ALTHOUGH it is the first time Laura Primiceri has visited China, the British woman has quickly adapted to cashless life in Beijing.

She was aware of the prevalence of China’s mobile payment before her arrival in February and downloaded WeChat and Alipay, the two most popular mobile payment services in China.

“I use them here for payment quite frequently. It’s much better than what we use in England,” Primiceri said.

During five months studying in Beijing, the overseas student learned that the cashless trend was now taking hold in the country with mobile payment often a daily necessity.

Irresistible trend

“The cashless society is what we are moving toward,” said Xiao Ligang, a cab driver in Beijing, “It is irresistible.”

“Almost every taxi driver I know is using WeChat Pay,” Xiao said.

Unlike paying with credit cards in western countries, China’s cashless payment refers to mobile payment on smartphones.

In Beijing, even senior citizens buy vegetables at the community market with their smartphones; office workers pick up colorful shared bicycles after scanning their QR codes; and street artists provide QR codes for donations.

Whether it is making an appointment to see a doctor, ordering take-away from a restaurant, or buying a ticket at home for a film that is about to begin, Beijingers can do it on their smartphones.

“Mobile payment saves a lot of time for us and help us effectively avoid counterfeit money,” said Ren Tingting, a cashier at Century Mart, a chain supermarket in Beijing.

Global leading coffee shop chain Starbucks has eyed the huge number of mobile payment users in China and partnered with Chinese Internet giant Tencent to make WeChat mobile payment available in all its coffee shops in China.

More cashless cities

To expand its cashless service, Ant Financial, the financial affiliate of e-commerce giant Alibaba, plans to launch a cashless promotion week from August 1 to 8, when China will be “1,698 days away from being a true cashless country,” it claims.

Chen Liang, senior PR director of Ant Financial, said the company had signed with the governments of four other cities: Wuhan, Fuzhou, Tianjin and Guiyang, to promote city-wide cashless support solutions.

“The Cashless City Promotion means mobile payment can reach all the places where cash is needed,” Chen said, adding that mobile phone users would no longer have to worry about whether they have cash on them.

By the end of 2016, Alipay’s e-payment solutions had covered 357 Chinese cities, where people can use it for paying all kinds of bills ranging from car maintenance and medical bills, to bus fares, train tickets and even to buy pancakes for breakfast at the local market stall.

Going cashless has also become normal for Tibetans. Restaurants, souvenir shops and movie theaters in Tibet all provide online payment services. QR codes have become common on vendor booths selling Tibetan jewelry.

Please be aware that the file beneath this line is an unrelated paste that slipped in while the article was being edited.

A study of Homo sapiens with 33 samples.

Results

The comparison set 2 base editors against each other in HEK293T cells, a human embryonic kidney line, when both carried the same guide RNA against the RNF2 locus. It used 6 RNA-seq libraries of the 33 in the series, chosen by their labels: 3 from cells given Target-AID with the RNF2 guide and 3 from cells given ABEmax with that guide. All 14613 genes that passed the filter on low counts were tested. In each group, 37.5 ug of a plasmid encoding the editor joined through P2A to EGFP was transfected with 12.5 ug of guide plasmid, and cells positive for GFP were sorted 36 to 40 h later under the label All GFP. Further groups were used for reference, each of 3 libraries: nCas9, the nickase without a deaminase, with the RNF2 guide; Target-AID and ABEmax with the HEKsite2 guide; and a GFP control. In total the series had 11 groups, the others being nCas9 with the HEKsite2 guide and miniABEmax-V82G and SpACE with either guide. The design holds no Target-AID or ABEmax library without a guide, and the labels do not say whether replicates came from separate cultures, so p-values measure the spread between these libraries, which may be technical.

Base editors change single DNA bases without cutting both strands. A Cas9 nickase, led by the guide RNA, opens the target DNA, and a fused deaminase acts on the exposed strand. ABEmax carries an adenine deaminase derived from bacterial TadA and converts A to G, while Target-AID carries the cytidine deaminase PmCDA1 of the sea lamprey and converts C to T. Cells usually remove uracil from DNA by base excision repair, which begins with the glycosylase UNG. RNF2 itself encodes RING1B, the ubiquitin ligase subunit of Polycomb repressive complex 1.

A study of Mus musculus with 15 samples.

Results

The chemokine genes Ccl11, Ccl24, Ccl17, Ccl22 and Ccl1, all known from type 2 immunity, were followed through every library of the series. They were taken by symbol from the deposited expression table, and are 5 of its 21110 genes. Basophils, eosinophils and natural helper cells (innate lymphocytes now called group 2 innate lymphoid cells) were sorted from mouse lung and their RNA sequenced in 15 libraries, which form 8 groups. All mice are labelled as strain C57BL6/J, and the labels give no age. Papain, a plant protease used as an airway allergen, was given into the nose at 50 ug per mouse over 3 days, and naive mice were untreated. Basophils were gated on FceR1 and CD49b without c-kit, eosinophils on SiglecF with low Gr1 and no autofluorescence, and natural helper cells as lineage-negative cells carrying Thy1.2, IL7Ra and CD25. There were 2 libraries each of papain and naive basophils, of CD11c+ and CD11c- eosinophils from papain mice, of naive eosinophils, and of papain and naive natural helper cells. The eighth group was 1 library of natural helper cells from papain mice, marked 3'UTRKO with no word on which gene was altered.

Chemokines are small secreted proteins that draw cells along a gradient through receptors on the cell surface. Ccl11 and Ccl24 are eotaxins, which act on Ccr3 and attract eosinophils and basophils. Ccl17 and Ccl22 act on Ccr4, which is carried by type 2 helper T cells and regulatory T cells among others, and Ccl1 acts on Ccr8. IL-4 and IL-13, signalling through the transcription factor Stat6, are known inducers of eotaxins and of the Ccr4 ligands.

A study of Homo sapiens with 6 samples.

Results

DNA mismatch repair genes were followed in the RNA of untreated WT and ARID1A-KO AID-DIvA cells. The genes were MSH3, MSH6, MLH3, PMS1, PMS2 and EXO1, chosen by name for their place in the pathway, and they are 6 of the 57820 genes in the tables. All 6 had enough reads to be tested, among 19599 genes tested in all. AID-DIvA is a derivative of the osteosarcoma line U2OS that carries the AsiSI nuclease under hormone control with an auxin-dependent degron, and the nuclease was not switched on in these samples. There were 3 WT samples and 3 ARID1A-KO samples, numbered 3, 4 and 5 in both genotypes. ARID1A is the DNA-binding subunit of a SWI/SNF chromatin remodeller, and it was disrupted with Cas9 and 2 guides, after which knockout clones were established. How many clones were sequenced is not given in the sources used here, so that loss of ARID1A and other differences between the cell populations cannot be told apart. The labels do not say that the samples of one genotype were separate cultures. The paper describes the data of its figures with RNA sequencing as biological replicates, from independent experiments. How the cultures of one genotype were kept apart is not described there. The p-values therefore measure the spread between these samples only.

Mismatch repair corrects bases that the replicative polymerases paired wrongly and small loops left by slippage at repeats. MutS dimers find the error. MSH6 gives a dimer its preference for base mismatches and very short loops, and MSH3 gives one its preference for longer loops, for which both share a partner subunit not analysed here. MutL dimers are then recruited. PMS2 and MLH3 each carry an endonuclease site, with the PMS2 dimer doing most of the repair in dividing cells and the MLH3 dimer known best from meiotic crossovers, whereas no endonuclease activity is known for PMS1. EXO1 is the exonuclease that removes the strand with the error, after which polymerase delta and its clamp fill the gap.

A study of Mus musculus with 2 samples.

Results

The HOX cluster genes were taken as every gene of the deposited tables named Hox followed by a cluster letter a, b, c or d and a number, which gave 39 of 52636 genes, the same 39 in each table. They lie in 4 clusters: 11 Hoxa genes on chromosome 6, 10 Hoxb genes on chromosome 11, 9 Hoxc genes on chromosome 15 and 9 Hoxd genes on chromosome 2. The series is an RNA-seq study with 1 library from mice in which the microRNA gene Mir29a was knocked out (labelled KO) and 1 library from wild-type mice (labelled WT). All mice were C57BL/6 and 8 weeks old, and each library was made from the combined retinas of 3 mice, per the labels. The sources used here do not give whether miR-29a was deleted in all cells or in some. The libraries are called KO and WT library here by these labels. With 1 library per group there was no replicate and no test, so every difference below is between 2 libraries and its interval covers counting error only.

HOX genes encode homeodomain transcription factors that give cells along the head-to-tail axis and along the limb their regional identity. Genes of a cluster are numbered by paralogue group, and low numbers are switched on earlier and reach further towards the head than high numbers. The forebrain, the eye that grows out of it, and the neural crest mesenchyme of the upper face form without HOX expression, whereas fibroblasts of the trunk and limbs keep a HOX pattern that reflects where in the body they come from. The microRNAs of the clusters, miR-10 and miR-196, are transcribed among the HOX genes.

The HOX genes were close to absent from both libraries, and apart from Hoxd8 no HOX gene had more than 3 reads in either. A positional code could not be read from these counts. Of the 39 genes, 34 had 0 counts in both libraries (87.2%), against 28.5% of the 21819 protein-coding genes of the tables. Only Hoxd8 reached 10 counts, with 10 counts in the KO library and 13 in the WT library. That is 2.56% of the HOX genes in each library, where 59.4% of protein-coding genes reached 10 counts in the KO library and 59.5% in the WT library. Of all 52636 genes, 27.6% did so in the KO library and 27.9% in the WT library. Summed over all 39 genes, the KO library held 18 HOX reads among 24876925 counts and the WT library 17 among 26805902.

Similarly, August 8 has been designated Cashless Day, an annual activity promoted by WeChat Pay, the e-payment arm of China Internet giant Tencent.

In addition to China, WeChat Pay covers more than 130,000 overseas businesses in 13 countries and regions, supporting settlements in 10 currencies, including the British pound, Hong Kong dollar, US dollar, Japanese yen and Canadian dollar.

Catherine Hou, president of the Chinese Cuisine and Hospitality Association of Canada, said she had been working to make WeChat Pay available at the upcoming Mississauga Mid-Summer Night Music and Food Festival set for July 29 and 30.

“Mobile payment can greatly benefit Chinese tourists coming to spend their summer holiday in Canada, as well as Chinese Canadians, who are active users of Chinese e-payment,” Hou said.

Tourism Toronto announced plans in May to bring WeChat Pay to Toronto.

In addition to WeChat Pay, 450 merchants in Canada are getting access to e-payment solutions offered by Alipay, Souheil Badran, president of Alipay North America, announced in Toronto last month.

Globally, Alibaba’s e-payment arm, Alipay, has entered more than 200 countries and regions supporting settlements in 18 varieties of currencies with more than 40 million overseas merchants using Alipay for settlement.

“With the mobile payment services in more countries, Chinese tourists tend to carry less cash abroad than before,” said Zhao Kun, a tour guide at CITIC Travel. Zhao said convenience was the main reason for using mobile payment.

Security concerns

However, the seeming panacea for payment transactions has also aroused security concerns.

Digital payment enables merchants to receive detailed information about consumers, including phone number and email addresses, compared with traditional credit and debit cards, which mainly involve purchases receipts.

“I use mobile payment a lot in China, but I am quite concerned about my privacy,” said Li Xinyu, a student from the North Korea at Tsinghua University. “I am afraid my personal information might be leaked.”

Only a small amount of money, about 1,000 yuan (US$147) to 2,000 yuan, is usually stored in my Alipay account, Li added.

“Maybe a credit card is safer. Alipay or WeChat is more convenient. I am more confident in the use of credit card because they barely go wrong. If the battery smartphone dies or there is no wifi, I cannot use Alipay or WeChat to pay,” Primiceri said.

Although the mobile payment giants are seeking to expand their overseas service, tour guide Zhao Kun told Xinhua that some tourists, especially senior ones, have worries about the safety of paying via Alipay and WeChat when travelling abroad, despite the rising popularity of mobile payment in most North American and Southeast Asian countries.

The Chinese government is obliged to maintain a fair and square marketing environment and bring the mobile payment enterprises into full play, said Pan Helin, an economist at the Chinese Academy of Fiscal Sciences.